Analysis: are Opal price changes on the money or on the nose?
The highly questionable selling technique of ‘bait-and-switch’ has long been a staple of unscrupulous travel agents, mobile phone providers and lobbyists.
So when a government or regulator applies the tactic to public transport pricing, they’re either crazy brave or deeply naïve.
Having enjoyed an undeniably successful first term rejuvenating Sydney’s previously badly neglected public transport infrastructure and finally rolling out smartcard ticketing through the Opal Card, what on earth is compelling the Baird government to tinker with what’s so far been an election winning formula: capped fares and heavily discounted travel on Sundays across the city?
As the latest summer school holidays meandered their way through December and January, the NSW Independent Pricing and Regulatory Tribunal (IPART) managed to pump out a report that questioned the fairness and sustainability of the present commuter incentives for using Opal … and pushes for a big switch in transport pricing.
The core of IPART’s argument seems to be that some types of public transport passengers get more benefit from the present pricing structure – something the body seems extraordinarily keen to even out.
The argument goes like this.
Instead of the present ‘8 trips and you travel for free’ system, the proposal from the state’s statutory pricing gurus is that commuters should fork out for the 10 longest (or most expensive) journeys bookended by a bigger weekly maxim charge of $65 that rises to $70 in 2017 and then $75 in 2018.
There’s also some major grizzling over the present $2.50 all day fare on Sundays … so much for that great political winner, the ‘Family Funday’ that although axed in name lives on in price.
But is there really a looming crisis?
Here’s the first obvious question: why does the Baird government and IPART feel a sudden urge to engage in a bout of obsessive-compulsive price signal tinkering just when the public transport system is starting to come good and commuters feel they’re finally getting some real value for their taxes?
A big selling point for the Opal system, borrowed largely from Transport for London, was that commuters who took pressure off the roads by returning to trains, buses, ferries and trams would be rewarded for more frequent use.
The fare structure as it stands is an overt incentive and it sends a strong message that the government recognises that modestly priced public transport is an essential systemic lubricant that delivers positive economic and social outcomes above and beyond the price of running it – as opposed to a cost burden where money needs to be clawed back at every opportunity.
Conversely, running the argument that fares need to be beefed-up to distribute the cost burden more evenly actually sends a deeply negative psychological signal that people who take a discounted ferry ride with their family on a Sunday to either Parramatta or Watsons Bay are freeloading or legally ripping-off the system.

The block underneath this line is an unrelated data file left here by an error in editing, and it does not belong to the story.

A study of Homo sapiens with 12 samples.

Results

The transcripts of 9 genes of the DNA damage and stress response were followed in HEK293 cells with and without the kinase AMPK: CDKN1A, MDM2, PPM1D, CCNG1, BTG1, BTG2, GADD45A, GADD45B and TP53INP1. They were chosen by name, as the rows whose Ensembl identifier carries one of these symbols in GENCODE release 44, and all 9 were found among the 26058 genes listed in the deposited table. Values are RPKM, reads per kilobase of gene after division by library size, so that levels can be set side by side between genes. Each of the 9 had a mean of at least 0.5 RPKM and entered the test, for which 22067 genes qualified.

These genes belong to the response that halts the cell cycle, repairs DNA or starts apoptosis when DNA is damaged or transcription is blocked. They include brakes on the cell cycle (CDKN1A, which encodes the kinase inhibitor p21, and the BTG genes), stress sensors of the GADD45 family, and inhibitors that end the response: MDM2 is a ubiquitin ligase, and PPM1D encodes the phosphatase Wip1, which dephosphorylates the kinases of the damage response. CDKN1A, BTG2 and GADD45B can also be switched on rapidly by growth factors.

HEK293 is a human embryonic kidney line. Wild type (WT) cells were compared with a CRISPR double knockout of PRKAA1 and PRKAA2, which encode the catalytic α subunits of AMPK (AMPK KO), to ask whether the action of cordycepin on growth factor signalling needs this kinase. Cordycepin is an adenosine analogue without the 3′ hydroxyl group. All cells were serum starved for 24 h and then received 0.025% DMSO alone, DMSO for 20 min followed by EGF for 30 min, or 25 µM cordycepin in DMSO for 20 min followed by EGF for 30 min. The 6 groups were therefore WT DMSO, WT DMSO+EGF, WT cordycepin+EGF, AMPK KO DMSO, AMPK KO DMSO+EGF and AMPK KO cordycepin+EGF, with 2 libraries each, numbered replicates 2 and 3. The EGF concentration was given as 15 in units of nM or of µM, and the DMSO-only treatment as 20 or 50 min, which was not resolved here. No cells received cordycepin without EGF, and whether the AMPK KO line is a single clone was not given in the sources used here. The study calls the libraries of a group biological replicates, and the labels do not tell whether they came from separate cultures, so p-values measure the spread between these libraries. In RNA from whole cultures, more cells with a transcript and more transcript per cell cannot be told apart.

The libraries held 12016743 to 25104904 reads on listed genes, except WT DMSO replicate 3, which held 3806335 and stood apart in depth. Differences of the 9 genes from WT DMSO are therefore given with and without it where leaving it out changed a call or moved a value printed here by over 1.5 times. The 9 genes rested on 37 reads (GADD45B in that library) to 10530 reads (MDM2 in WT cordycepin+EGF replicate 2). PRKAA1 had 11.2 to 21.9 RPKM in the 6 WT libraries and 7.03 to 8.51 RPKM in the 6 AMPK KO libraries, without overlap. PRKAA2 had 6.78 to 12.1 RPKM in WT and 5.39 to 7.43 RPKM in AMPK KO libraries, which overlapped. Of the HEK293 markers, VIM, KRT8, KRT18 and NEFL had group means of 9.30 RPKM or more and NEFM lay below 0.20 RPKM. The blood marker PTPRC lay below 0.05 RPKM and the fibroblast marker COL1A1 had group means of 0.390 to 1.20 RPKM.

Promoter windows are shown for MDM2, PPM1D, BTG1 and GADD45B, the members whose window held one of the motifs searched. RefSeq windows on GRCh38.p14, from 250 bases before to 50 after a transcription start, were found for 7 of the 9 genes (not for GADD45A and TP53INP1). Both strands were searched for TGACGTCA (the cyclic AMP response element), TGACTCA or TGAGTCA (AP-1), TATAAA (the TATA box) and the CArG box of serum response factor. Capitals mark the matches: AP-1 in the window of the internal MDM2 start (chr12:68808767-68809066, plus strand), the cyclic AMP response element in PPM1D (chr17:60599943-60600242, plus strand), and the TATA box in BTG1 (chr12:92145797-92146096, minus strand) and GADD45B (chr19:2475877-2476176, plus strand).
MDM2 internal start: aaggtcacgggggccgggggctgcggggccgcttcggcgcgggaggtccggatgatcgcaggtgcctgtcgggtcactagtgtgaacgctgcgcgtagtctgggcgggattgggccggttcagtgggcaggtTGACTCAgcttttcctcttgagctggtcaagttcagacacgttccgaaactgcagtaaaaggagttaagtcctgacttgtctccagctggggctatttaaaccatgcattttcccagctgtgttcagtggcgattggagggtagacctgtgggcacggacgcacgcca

This is where the danger of the ‘bait-and-switch’ perception comes in.
Forget IPART’s necessarily dispassionate numbers. They are rightly paid to calculate, not to feel.
The problem for the government is that for commuters it feels like just as the government has got you hooked on public transport, it’s suddenly going to jack up the price and shake you down, a not helped by state Treasury coffers that are embarrassingly swollen with stamp-duty from the property boom.
Another big part of IPART’s argument is that people who need to switch modes of public transport –for example use a combination of bus, train or tram – get slugged for a fare each time they change on what is essentially a single rather than being charged a single distance based price. (It’s also one of the reasons the present capping is there.)
That’s fair enough, but the real question is well how the Opal system will be able to cope with the mechanics of a fare system that is truly agnostic to modality. For example how will the system know the difference between what is a single trip that includes a switch from a train to a delayed bus and two otherwise discrete journeys?
When Myki in Melbourne started charging people extra for late running trains, the public fallout was predictably thermonuclear.
And while public transport in NSW has undoubtedly improved over the last five years, the reality is that the Baird government has only really over the last 18 months got the present OPAL system truly up-and-running at full speed.
Sure, it’s a massive step forward compared to basket case of disconnected fares, crappy services and a short-sighted fixation over ‘fare boxes’ and revenue collection that saw people routinely fined even when ticket machines broke down so they couldn’t buy a ticket.
But when you’ve had a good ride, sometimes it’s very easy to forget the bad old days of public transport.
Trying to ‘fix’ a system that people just don’t see as broken and has only just started working is a sure fire way to rekindle people’s memories of just how bad those dark years of public transport in NSW really were.
NSW commuters have been very patient with public transport over the past decade. A little patience with commuters in return could go a long way.